Sophomore Anne Chen tied for 26th at the Northrop Grumman Regional Challenge.
Sophomore Anne Chen tied for 26th at the Northrop Grumman Regional Challenge.

Golf, despite being an individual sport, is often defined by duos.

The Northrop Grumman Regional Challenge came to a close Tuesday with Duke finishing tied for eighth at +27 over 54 holes. It marked another middling performance for the 22nd-ranked Blue Devils, as they are yet to record a top-five team finish this spring.

But if there’s one takeaway from the three-day event in Palos Verdes Estates, Ca., then it’s that sophomores Phoebe Brinker and Anne Chen led the way, tying for 18th and 26th at +5 and +7 on the individual leaderboard, respectively.

Coming off of a freshman year that did not feature a fall season and adhered to strict COVID-19 policies, the pair has gotten the benefit of a normal college experience, on and off of the golf course, in 2021-22. 

That has allowed their relationship to thrive.

“We push each other to play better,” Chen said. “And we're always happy for each other when one plays well, and the other one doesn't play well. We're like best friends on and off the golf course.”

With the trustworthy duo of Jaravee Boonchant and Gina Kim turning pro since last May’s NCAA semifinal appearance, Brinker and Chen have been tasked with taking the next step. 

Erica Shepherd, with her amateur success and talent from tee-to-green, is certainly the most established Blue Devil. But oftentimes in college golf, your unit is only as strong as the two and three spots of your lineup, and that is where Brinker and Chen enter the equation.

“Since we don't have Gina [Kim], we're down to our five players at every golf tournament, so it's definitely more focusing and wanting to play better and just know, at the end, nationals is our end goal. Since I've experienced that, I know what it takes to get there,” Chen said. 

Chen’s freshman year was defined by one trait—flashes in key spots. A case in point came in her match against Florida State’s Charlotte Heath in last April’s ACC match play finals. 

Duke was already well on its way to the team conference crown, but the then-freshman looked to be on the verge of falling to Heath, trailing 4-DOWN through 13 holes. Chen’s next five holes, though, did not resemble the play of a freshman in the slightest.

Two birdies and some help from Heath later, and the Texas native clinched a 1-UP win on the 18th green, her putter raised in celebration. 

As Chen turned the page to her second year in Durham, her focus was channeling those flashes, tightening things up and showcasing improved consistency, particularly with the longest and shortest clubs in the bag.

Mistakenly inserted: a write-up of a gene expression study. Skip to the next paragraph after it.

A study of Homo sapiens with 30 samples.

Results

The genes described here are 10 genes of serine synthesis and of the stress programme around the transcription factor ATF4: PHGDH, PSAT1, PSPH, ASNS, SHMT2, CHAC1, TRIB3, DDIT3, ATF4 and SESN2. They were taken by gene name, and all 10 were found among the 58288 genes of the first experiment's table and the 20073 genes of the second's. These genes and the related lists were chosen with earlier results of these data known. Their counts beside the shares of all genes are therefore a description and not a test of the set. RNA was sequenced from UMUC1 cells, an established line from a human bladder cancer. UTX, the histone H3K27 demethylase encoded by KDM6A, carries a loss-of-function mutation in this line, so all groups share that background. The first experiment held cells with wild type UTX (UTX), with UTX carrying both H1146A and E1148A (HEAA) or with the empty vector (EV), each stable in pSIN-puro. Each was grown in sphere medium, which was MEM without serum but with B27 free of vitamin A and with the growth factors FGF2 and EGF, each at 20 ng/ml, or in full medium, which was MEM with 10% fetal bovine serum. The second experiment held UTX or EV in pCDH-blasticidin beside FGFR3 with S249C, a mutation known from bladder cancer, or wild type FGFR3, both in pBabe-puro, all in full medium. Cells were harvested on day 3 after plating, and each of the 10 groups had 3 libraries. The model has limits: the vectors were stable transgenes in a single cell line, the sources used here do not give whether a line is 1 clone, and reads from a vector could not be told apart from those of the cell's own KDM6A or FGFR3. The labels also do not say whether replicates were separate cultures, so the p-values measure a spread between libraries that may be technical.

“Definitely I’ve been pretty consistent with my driver, I'm able to hit a lot of fairways so that helps. I've improved definitely on my putting, just being able to make more of those 12, 10-footers for birdie really does help offset all the bogeys and other holes,” Chen said on what has been working in recent tournaments.

So far this spring, despite an absence of top-10 finishes, consistency has clearly been a theme for the former AJGA All-American. Chen has posted a tie for 26th, a tie for 33rd and a tie for 26th at the Moon Golf Invitational, the Darius Rucker Intercollegiate and the aforementioned Regional Challenge, respectively. 

In California, her first-round 70 matched Brinker’s second-round 70 as the low round of the week for Duke. During that round, she had only three bogeys and was -3 on the par fives.

But there still is work to do. Chen’s ball-striking is a major plus, but there are always days when you simply don’t have it swing-wise. That is where playing safe, in addition to scrambling, comes into play. 

“Definitely short game and being able to hit the center of the green more to give myself more chances to have birdie putts and not having to kind of recover and get up and down every single hole,” Chen said on what she has to improve on.

As for Brinker, her length off of the tee gives her an advantage at virtually every course she tees it up at. Palos Verdes Golf Club was one of those tracks.

“It set up really well to my game, which was nice. And the course played a little bit different day to day, but overall, it gave me a bit of an advantage,” Brinker said. 

But not every course is a bomber’s paradise. The driver can bring trouble into play at some venues, and if the greens are firm, you have to attack from the fairway. That puts a premium on throttling back in favor of accuracy, as well as recovering when you are out of position.

“Other courses where it's not, if the course doesn't really suit that part of my game, I have to fall back on improving my short game,” Brinker said.

Her driver is obviously a weapon, yet the Delaware native is starting to put all the pieces together this spring. That applies to her chipping, putting and even the mental side of the game—an essential yet often underappreciated part of golf. 

“I think overall, my game is definitely a lot more well-rounded. And not just physically but mentally as well,” Brinker said. Just getting more experience and playing in more tournaments has really helped me just learn how to handle mental challenges out there, especially when it's windy, or the conditions aren't great or I just get an unlucky bounce or something.”

Monday’s second round was a testament to that well-rounded skill set. After a Sunday 72 that included two double bogeys, Brinker holed a wedge on the 319-yard sixth Saturday and eagled the par-five 16th via a 15-footer.

When recapping the entire week, the Blue Devils still need to round into form. After all, it is now less than a month until the ACC Championship. 

But if its sophomore duo continues to make strides, Duke can right the ship. 


Max Rego

Max Rego is a Trinity junior and sports managing editor for The Chronicle's 117th volume.